Religions, Spiritualities All books
A book written by a historian, a recognized specialist in Jewish-Arab relations. A history book that also sheds light on current political stakes and societal issues. The discourse contradicts what is generally heard on the subject, and which provides the historical elements needed for a better understanding of the contemporary situation.
For more than twenty years, immigration concerned only single men seeking employment. Today, whole families migrate creating new legal and cultural problems: people forced to return to their native country, polygamy, excision, arranged marriages. In her book Edwige Rude-Antoine analyzes the State's intervention in citizens' private lives and its significance. She also determines concrete principles that constitute a harmonious, multi-cultural society. Edwige Rude-Antoine has a PhD in law and specializes in immigration.
Two French specialists on Islam, one Algerian, the other a native Frenchman, discuss Islam and its confrontation with the Western world. Interweaving references to the past and present, they recount a long history of cultural confrontation, marked by continuous debate and violent conflict, repulsion and fascination. Resolutely optimistic, yet painfully aware of the religious intransigence which enshrouds their subject, their conversations shed new light on the conceptions of power and unity within the Muslim world.
What does it mean to be oneself? What does it mean to believe? An exploration of the neuroscience and philosophy of subjectivity
Combining developmental psychology, attachment-based therapy, psycho-sociology, and the neurosciences, a psychotherapy of the sacred that takes into account all forms of belief, without distinction and without judgment, to analyse their foundations, their practices, their inner workings, and also their benefits. An original enlightening study of the major role played by attachment (secure or insecure) in religious feeling.
In 1945, there were 20,000 Hasidim in the world. Today, there are between 350,000 and 400,000, about half of whom live in Israel. This population explosion cannot be explained simply by demographic reasons. In France alone, it is estimated that there are 10,000 to 15,000 Lubavitch Hasidim, a small but particularly active community. Jacques Gutwirth paints a vivid picture of the major centres of Hasidism - Antwerp, New York, Jerusalem, Bne Brak and Paris. He describes the main aspects of Hasidism today, its spiritual and intellectual contributions, its recent history and the influence it has. Hasidism cannot be reduced simply to a religious conception, a way of expressing one's religion, or a particular lifestyle. Its rapid development is linked to current politics and global economics, to which in turn it also contributes. In this rigorous, balanced study of one of Judaism's most dynamic communities, the author provides solid information to further the discussion on the rise of religious fundamentalism. Jacques Gutwirth is an anthropologist and an honorary research fellow at the Centre National de la Recherche Scientifique (CNRS). A pioneer in the field of urban anthropology, he has taught at the University of Provence, in Aix, and at the University René Descartes, in Paris, as well as in Germany and the United States. He is the founder of the laboratory of anthropology at the CNRS. His first book, Vie Juive Traditionnelle, about a Hasidic community in Antwerp, is regarded as a classic. He is also the author of Les Judéo-Chrétiens Aujourd'hui and L'Eglise Electronique: La Saga des Télévangélistes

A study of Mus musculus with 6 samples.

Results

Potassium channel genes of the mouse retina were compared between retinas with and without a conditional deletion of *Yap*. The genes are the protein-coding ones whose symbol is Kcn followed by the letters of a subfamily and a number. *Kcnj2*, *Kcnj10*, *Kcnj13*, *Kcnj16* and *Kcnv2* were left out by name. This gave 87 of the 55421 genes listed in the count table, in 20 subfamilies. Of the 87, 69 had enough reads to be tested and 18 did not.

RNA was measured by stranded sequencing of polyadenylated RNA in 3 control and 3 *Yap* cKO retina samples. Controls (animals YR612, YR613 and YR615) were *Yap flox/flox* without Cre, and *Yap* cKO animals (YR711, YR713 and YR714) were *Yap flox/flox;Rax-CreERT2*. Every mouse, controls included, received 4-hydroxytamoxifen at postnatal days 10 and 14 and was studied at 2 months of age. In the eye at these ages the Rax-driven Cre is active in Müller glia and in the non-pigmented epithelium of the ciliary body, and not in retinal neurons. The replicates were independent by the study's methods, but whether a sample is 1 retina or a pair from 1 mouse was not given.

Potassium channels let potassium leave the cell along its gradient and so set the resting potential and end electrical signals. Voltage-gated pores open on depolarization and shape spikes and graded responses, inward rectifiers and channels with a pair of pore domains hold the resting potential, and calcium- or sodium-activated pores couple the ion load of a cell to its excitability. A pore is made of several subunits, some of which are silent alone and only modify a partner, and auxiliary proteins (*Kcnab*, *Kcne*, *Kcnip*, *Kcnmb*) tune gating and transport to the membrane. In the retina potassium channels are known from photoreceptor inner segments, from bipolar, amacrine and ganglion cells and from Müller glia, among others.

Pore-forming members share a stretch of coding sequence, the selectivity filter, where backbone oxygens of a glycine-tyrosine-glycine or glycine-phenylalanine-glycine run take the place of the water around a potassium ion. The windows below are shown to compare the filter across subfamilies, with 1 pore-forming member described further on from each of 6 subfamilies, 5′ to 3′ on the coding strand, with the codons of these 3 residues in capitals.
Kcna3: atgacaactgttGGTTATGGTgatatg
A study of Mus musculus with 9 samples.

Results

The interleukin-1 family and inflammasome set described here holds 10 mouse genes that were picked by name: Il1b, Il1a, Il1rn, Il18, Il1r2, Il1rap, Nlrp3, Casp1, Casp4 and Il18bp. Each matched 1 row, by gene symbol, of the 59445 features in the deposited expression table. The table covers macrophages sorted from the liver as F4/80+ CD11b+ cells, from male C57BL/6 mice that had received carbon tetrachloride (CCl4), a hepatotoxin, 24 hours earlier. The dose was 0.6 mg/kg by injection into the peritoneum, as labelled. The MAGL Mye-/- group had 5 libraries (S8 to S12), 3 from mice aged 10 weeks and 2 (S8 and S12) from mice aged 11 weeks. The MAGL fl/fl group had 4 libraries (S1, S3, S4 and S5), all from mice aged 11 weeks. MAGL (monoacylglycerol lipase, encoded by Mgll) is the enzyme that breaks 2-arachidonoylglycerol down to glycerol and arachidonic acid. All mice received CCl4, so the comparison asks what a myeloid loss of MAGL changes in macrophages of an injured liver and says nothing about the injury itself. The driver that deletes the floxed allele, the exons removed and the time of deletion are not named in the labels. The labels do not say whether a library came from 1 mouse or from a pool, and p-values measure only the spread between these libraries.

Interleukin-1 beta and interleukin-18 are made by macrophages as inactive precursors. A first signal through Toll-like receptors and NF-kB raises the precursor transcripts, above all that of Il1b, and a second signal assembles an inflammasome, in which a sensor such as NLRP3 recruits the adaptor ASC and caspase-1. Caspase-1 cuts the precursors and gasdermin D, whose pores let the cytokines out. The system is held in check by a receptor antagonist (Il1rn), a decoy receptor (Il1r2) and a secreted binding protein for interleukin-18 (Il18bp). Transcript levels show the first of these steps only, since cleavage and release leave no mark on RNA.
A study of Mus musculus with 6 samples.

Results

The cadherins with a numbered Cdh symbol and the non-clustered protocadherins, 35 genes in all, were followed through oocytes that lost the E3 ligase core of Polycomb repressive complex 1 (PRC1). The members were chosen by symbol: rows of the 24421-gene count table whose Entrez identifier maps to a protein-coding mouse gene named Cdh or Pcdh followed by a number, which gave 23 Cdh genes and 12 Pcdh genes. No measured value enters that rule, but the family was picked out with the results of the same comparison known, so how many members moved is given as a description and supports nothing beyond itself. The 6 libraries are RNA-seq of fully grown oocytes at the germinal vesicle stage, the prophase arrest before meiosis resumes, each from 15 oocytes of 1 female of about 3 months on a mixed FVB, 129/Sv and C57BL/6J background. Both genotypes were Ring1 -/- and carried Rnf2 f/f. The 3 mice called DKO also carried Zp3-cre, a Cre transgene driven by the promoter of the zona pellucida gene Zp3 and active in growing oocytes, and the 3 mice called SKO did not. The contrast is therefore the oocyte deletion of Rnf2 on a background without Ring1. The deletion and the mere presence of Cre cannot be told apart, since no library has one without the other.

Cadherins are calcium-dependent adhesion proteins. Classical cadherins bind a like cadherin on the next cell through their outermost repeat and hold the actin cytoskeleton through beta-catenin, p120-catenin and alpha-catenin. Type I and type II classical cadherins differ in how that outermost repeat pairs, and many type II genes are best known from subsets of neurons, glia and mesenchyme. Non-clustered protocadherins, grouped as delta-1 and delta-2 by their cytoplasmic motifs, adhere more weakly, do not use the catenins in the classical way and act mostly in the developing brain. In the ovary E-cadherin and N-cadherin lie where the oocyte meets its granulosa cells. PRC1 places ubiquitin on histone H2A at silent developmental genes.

‘Laïcité’ has been at the heart of numerous debates in France. The author argues here for a multifaceted, open secularism.
1.The two chapters on Islam explain in easy terms, accessible to all, the essentials of Islam and the reflections of the great Arab thinkers on the texts. A feminine point of view, modern and updated, on Islam: religious education, the meaning of the veil in Tunisia, observing Ramadan… A scientist and Secretary of State in 2011, Farida Faouzia Charfi is a major figure in Tunisian political life.